Recall how Team O wants to make the General Motors bailout, the one that will cost taxpayers tens of billions of dollars when all said and done, a centerpiece of their re-election campaign and how GM isn't, for obvious reasons, thinking that is not such a hot idea? Well, chalk up yet another reason why bringing attention to such a smashing success may backfire.
New emails obtained by The Daily Caller contradict claims by the Obama administration that the Treasury Department would avoid “intervening in the day-to-day management” of General Motors post-auto bailout.
These messages reveal that Treasury officials were involved in decision-making that led to more than 20,000 non-union workers losing their pensions.
Republican Reps. Dan Burton and Mike Turner say that during the GM bailout, Treasury Secretary Timothy Geithner decided to cut pensions for salaried non-union employees at Delphi, a GM spinoff, to expedite GM’s emergence from bankruptcy.
At a Wednesday hearing, the House Oversight Committee’s Subcommittee on Regulatory Affairs, Stimulus Oversight and Government Spending started pushing the Treasury Department for answers on the effects of the bailout and on how much of a role the department played in picking winners and losers.
The key point of the Wednesday hearing was to show that the Obama administration advised GM on how to eliminate the Delphi workers’ pensions. The evidence suggests Geithner’s team played a significant role in that process, despite claims to the contrary.
In 2009 congressional testimony, senior Obama administration official Ron Bloom said the president told the Treasury Department to stay out of the management of these companies and downplayed any administration intervention.
“From the beginning of this process, the President gave the Auto Task Force two clear directions regarding its approach to the auto restructurings,” Bloom said then. “The first was to behave in a commercial manner by ensuring that all stakeholders were treated fairly and received neither more nor less than they would have simply because the government was involved. The second was to refrain from intervening in the day-to-day management of these companies.”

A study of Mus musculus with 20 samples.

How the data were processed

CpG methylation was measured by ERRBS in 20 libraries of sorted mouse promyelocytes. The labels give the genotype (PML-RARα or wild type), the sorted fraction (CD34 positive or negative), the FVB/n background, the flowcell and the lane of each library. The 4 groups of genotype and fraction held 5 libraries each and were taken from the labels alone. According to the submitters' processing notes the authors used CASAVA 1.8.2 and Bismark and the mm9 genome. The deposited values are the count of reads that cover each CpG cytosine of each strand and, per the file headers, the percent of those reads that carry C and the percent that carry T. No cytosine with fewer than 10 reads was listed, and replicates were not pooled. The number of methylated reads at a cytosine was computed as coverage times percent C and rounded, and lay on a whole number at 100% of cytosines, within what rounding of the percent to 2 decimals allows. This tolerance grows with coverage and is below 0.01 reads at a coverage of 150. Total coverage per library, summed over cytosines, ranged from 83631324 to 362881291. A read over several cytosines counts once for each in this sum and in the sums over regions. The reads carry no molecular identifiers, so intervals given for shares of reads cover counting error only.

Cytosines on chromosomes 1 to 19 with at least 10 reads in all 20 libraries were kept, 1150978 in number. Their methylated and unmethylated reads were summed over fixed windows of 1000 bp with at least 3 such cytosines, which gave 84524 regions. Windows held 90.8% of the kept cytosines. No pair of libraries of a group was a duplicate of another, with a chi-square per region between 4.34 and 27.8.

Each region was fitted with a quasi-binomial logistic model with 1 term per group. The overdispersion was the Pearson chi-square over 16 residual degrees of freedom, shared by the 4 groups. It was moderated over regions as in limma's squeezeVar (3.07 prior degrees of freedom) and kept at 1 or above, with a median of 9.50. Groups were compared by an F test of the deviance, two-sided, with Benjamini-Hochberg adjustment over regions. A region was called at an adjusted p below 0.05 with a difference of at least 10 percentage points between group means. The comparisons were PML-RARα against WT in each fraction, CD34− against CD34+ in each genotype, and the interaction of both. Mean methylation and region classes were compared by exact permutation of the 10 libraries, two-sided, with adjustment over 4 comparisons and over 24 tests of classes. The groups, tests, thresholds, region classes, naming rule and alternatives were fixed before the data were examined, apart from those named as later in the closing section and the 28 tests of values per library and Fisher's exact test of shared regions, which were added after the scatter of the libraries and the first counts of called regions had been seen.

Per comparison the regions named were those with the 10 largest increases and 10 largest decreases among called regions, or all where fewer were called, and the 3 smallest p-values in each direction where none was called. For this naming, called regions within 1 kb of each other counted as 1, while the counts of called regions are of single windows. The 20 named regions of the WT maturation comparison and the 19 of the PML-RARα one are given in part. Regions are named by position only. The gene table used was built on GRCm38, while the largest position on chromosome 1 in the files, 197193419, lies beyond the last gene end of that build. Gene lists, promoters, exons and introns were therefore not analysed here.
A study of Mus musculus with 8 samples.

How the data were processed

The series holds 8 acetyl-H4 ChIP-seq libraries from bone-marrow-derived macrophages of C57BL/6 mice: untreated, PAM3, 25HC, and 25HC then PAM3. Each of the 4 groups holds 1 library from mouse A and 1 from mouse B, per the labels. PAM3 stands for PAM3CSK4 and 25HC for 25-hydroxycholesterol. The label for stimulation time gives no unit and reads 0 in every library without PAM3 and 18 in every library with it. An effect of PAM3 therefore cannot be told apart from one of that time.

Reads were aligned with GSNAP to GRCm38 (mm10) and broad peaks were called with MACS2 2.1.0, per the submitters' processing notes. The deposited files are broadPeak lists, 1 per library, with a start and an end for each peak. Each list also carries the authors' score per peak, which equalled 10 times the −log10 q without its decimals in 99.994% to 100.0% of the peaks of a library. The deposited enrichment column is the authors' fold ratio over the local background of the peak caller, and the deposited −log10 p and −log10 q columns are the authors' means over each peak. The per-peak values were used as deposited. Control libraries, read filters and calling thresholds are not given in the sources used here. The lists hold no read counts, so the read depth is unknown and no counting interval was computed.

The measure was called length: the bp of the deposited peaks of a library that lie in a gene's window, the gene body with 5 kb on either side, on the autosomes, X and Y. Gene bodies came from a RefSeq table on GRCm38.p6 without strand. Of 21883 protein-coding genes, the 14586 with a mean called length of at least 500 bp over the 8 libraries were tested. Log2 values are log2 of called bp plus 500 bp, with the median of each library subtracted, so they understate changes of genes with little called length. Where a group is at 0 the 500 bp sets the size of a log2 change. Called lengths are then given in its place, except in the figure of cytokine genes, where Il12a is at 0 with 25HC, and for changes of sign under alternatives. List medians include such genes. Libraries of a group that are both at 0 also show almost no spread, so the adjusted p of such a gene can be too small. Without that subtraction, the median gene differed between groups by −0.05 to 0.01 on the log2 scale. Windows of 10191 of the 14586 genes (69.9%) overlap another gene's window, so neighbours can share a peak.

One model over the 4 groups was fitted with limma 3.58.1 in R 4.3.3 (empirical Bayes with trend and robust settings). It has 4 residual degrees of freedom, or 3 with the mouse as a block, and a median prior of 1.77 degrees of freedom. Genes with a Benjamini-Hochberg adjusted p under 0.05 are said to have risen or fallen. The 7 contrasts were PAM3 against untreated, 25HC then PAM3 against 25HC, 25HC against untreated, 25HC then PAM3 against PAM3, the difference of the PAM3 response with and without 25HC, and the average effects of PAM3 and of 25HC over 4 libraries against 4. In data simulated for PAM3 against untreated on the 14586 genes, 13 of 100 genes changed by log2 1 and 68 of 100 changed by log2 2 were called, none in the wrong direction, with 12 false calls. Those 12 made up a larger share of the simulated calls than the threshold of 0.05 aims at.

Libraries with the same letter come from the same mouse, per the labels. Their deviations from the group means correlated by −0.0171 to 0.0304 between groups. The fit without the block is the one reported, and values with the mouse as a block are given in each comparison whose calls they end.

We know that first directive was a crock as the unions were shoved to the head of the line ahead of secured creditors in the bankruptcy divvy-up and now it looks like the second was not adhered to either as that noted captain of industry and business tycoon, Timothy Geithner, was wacking pensions in order to hasten an exit from bankruptcy.
The exchanges go on to clearly demonstrate that the administration had a controlling stake in GM’s management timeline.
Borst replied that GM had not “begun conversations with the UAW pending hearing back from you and the PBGC. We can begin that dialogue but our reading of the benefit guarantee is clear that it’s for the benefit of the retirees and not the PBGC. The UAW may not be available to us this week as GM is in the summer shutdown.”
Feldman responded by reminding Borst the steps required to eliminate Delphi’s pension plans.
“Keep in mind we need the PBGC’s help to terminate this plan so we will have to deal with the PBGC,” wrote Feldman. “If you think there is a way to cause its unilateral termination (outside of Delphi going down an 1113 process) let me know.”
Team O will want to take credit for saving a couple of heartland American institutions and the domestic auto industry along the way but the record will show that this was a hostile take-over with the government wielding unprecedented powers in a private sector business to curry favor with the unions and where that government-GM partnership will lose billions of dollars while pushing a heavily-subsidized technology that nobody's buying right now and which may not even be any good for the environment and then turn around and lie about how it is they paid off the loan they received from the Feds. For that you are to be thankful.
Yeah, sounds like a record to run on.
* The dreariness of this post demanded we do something to cheer it up. So we did.